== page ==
I feel fairly certain that we invented funerals not just to honour the dead, but to keep us busy in the initial aftermath. I spent a busy, whirlwind week in Ottawa after my dad died, waiting for the realization to hit (it never does, you are shocked anew every time you remember). There were errands to run, photos to scan, people to call, and visitors to welcome amid other general planning and organisation. Of course, my mum bore the brunt of this, but I kept busy that week as well. When it came time to pack our bags and return to real life, a life in Toronto where my dad hadn’t been a daily presence, I was reluctant.
In the past ten years, I have become accustomed to coming and going from my parents’ home. Usually, I have been assured that my dad would be right where I left him when next I returned. This time, that would not be the case. My life in Toronto would be more or less the same, but I would never be coming home to my dad again. This time, leaving home (I will always have two homes, the one where my parents are, and the one I’ve built for myself), I had to make do with the few pieces of my dad that I could take with me.
We all know that a person’s life is not defined by their things, but by their experiences and their relationships. This does not mean, however, that they don’t leave behind artifacts, pieces of evidence that document a part of who someone was. And so I’d like to talk about the things I took with me the first time I left my parents’ house knowing that I’d never go back to see my dad. They are, of course, all food related. (This is, after all, a food blog of sorts).
Without fail, my dad would never let us leave to head back to Toronto without some sort of food item. Maybe leftovers from the weekend, very often a container of cretons, homemade or purchased from the Costco in Gatineau, because he knew we both loved it and it was harder to find in Toronto. This time, it was my mom who packed up an insulated bag picking out items from the freezer that undoubtedly were put there by my dad: a freezer bag of maple sage deer sausages, homemade weeks ago. The first batch made with his brand new sausage maker. About three vacuum-sealed packs of salt pork, purchased for all future sausage making, but also good for baked beans, pea soup, and various other French Canadian recipes. And a pack of Montreal smoked meat, possibly purchased for the next smoked meat day at his office, the sort of thing that he liked to organize.
Now, these items are all consumables. They will not last forever, and one day they will be gone. (Most definitely because I will eat and enjoy them). They are not a lasting piece of my dad’s legacy. Regardless, I can say that right now there are numerous hunks of meat in my freezer that made leaving Ottawa four weeks ago feel a little more ok. I know. It`s weird.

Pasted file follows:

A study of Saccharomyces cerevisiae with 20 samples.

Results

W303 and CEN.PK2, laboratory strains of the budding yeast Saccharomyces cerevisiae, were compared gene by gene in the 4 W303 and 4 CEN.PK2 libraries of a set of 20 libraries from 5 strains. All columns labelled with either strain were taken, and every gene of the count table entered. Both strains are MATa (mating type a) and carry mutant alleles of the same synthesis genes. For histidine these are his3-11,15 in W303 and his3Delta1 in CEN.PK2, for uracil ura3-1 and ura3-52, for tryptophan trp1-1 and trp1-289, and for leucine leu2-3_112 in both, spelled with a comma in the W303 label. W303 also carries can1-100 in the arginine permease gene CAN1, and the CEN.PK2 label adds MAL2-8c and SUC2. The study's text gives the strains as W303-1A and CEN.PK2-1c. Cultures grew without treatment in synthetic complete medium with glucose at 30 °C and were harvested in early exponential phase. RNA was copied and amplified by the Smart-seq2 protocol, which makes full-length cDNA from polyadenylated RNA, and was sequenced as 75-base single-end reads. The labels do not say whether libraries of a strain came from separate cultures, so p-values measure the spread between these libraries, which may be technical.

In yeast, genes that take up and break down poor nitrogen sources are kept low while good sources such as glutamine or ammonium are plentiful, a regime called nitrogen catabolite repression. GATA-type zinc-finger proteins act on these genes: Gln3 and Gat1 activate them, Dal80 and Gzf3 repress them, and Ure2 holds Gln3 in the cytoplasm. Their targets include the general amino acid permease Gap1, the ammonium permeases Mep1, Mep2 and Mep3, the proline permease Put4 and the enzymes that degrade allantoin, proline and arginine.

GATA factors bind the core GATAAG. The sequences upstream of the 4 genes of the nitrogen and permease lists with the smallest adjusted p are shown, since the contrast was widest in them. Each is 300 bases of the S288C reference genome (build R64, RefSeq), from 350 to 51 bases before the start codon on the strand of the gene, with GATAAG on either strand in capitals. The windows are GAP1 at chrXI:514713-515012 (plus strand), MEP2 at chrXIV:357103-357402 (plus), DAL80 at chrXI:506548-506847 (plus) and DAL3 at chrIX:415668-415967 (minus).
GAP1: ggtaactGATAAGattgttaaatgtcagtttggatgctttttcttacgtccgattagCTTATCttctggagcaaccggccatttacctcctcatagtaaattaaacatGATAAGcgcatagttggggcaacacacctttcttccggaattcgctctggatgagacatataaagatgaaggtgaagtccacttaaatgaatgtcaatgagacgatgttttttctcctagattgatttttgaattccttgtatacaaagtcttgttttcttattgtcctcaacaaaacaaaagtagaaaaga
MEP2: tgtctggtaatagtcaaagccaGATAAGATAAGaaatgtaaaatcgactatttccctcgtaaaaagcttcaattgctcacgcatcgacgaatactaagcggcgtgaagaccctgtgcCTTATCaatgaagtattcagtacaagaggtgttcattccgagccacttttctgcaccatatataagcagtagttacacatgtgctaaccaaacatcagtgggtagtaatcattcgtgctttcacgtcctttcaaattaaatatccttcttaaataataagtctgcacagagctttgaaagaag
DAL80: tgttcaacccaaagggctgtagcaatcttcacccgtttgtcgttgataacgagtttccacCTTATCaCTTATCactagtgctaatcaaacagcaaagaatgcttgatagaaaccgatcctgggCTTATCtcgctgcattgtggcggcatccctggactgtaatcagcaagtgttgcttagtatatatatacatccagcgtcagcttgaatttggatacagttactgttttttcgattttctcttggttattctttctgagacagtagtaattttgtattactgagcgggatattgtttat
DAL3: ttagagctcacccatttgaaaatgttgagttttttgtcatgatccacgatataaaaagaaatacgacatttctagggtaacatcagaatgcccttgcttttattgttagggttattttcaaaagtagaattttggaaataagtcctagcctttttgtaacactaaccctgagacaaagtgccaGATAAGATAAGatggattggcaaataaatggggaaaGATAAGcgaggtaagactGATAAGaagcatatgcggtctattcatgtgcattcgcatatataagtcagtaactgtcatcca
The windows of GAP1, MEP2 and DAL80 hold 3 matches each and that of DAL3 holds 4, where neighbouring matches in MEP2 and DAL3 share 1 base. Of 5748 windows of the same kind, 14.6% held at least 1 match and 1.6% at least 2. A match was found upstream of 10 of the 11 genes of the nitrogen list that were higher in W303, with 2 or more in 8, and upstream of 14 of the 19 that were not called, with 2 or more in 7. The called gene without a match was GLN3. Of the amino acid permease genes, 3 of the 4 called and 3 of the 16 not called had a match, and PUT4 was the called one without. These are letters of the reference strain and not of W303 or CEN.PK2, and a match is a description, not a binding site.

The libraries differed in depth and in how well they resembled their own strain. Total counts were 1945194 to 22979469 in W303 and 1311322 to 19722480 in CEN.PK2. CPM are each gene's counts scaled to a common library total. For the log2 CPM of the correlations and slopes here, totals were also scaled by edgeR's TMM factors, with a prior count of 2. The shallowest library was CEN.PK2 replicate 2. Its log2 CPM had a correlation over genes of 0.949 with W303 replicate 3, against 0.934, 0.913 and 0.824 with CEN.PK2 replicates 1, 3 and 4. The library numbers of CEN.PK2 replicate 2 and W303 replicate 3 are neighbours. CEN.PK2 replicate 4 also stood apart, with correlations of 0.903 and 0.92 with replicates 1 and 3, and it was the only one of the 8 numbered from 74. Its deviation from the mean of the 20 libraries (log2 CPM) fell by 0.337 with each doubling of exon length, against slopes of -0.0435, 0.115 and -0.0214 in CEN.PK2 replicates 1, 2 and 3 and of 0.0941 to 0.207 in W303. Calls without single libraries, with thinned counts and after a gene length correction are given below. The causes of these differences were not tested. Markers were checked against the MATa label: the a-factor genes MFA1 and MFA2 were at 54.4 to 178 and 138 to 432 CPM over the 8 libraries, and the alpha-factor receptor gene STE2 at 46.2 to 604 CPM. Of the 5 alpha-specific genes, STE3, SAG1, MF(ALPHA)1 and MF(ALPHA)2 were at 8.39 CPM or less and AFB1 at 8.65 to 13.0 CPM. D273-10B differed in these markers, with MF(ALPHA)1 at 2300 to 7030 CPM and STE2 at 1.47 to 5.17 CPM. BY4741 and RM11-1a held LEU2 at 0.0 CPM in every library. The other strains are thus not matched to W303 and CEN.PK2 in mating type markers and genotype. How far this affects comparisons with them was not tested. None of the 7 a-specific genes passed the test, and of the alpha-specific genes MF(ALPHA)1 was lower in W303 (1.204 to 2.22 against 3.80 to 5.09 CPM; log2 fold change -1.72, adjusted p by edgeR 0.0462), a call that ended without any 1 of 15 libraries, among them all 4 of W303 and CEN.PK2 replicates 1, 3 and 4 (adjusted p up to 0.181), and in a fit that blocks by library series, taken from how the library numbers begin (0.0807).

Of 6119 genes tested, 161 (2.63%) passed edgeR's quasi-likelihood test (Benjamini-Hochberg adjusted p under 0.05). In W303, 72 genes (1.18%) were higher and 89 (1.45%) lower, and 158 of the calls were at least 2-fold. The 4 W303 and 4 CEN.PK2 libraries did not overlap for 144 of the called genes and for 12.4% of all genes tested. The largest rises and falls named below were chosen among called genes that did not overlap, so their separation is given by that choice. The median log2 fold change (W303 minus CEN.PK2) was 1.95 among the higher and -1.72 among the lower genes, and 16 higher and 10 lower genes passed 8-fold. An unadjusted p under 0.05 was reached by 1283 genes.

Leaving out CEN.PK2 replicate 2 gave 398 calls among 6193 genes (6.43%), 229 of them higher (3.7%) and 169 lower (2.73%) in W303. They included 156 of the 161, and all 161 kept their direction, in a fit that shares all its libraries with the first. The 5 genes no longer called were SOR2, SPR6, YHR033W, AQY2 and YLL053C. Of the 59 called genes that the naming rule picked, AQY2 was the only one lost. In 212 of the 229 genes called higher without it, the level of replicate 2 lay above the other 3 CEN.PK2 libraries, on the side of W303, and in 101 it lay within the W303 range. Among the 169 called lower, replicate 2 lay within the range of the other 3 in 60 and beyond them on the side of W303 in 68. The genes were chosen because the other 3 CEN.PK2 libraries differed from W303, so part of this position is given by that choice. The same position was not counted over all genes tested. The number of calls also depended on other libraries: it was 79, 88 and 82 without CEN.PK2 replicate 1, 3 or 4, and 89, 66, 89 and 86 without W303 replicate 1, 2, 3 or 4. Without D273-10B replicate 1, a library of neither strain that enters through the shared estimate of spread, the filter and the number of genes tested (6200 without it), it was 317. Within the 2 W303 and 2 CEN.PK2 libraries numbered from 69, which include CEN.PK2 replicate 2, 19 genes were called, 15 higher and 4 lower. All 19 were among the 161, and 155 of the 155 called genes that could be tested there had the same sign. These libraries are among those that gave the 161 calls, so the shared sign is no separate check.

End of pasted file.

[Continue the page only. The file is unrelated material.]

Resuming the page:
There is one other thing that I brought home with me that day. And I knew very early on after my dad’s death that it was the one thing of his that I needed to take with me. My brother went home with my dad’s last cigar, and inherited his fishing boat. I came home with a cookbook.
Madame Jehane BenoÎt’s Encyclopedia of Canadian Cooking has sat on a shelf in our house for as long as I can remember, and is what can only be described as a cooking bible. The version I have is the English one, though I believe my aunt is in possession of the French copy, once used and annotated by her mother, my grandmother. Jehane BenoÎt, if you don’t already know, is a giant of Canadian cuisine, and our earliest celebrity chef. Something like a Canadian version of Julia Child. You can read more about her here, and also watch her here.
Now, my dad wasn’t much of a cookbook guy. Or even a recipe guy for that matter. For him, cooking was an art and not a science. A little bit of this, a little bit of that, until it seems right. I take after him and can’t follow a recipe to save my life. I own some beautiful cookbooks that I will peruse for the pictures, or ideas, or a rough ingredient list, but there is a joy in knowing how to create a meal simply by taste, look and feel. Mme Benoît’s cookbook, on the other hand, offers you a recipe or an instruction for anything you could ever possibly think to encounter in the kitchen. From how to boil an egg or create a party menu, to making homemade wine and cooking for 50 people. Though the book and recipes often show their age (far too many recipes for aspics and headcheese) there is always something of value to be found in Madame Benoît’s cookbook.
For the funeral we chose to put my dad’s ashes in his cigar humidor, next to a sleeve of scotch and cigar box. These items were chosen to honour a man with an undeniable joy de vivre and a knack for enjoying the finer things. An accurate portrait of man ready to retire; to sit back and enjoy the fruits of his labour. For me though, he always was and will be Madame Benoît’s cookbook. Which sat atop a shelf in our kitchen, a sort of patron saint, standing in as a symbol of the cooking skills and knowledge held by my grandmother, passed on to my father, and with any hope, also to me. From this book come inklings of the recipes we’d eventually use for our family’s ragout de pattes et de boulettes, for cretons and baked beans, for numerous cookies, cakes and sweets. Her peanut butter cookie recipe is still my go-to recipe to this day.
It now sits in my kitchen. An artifact of meals cooked for and by loved ones, and a symbol of meals and cooking lessons to come. A little piece of my dad in my kitchen, always.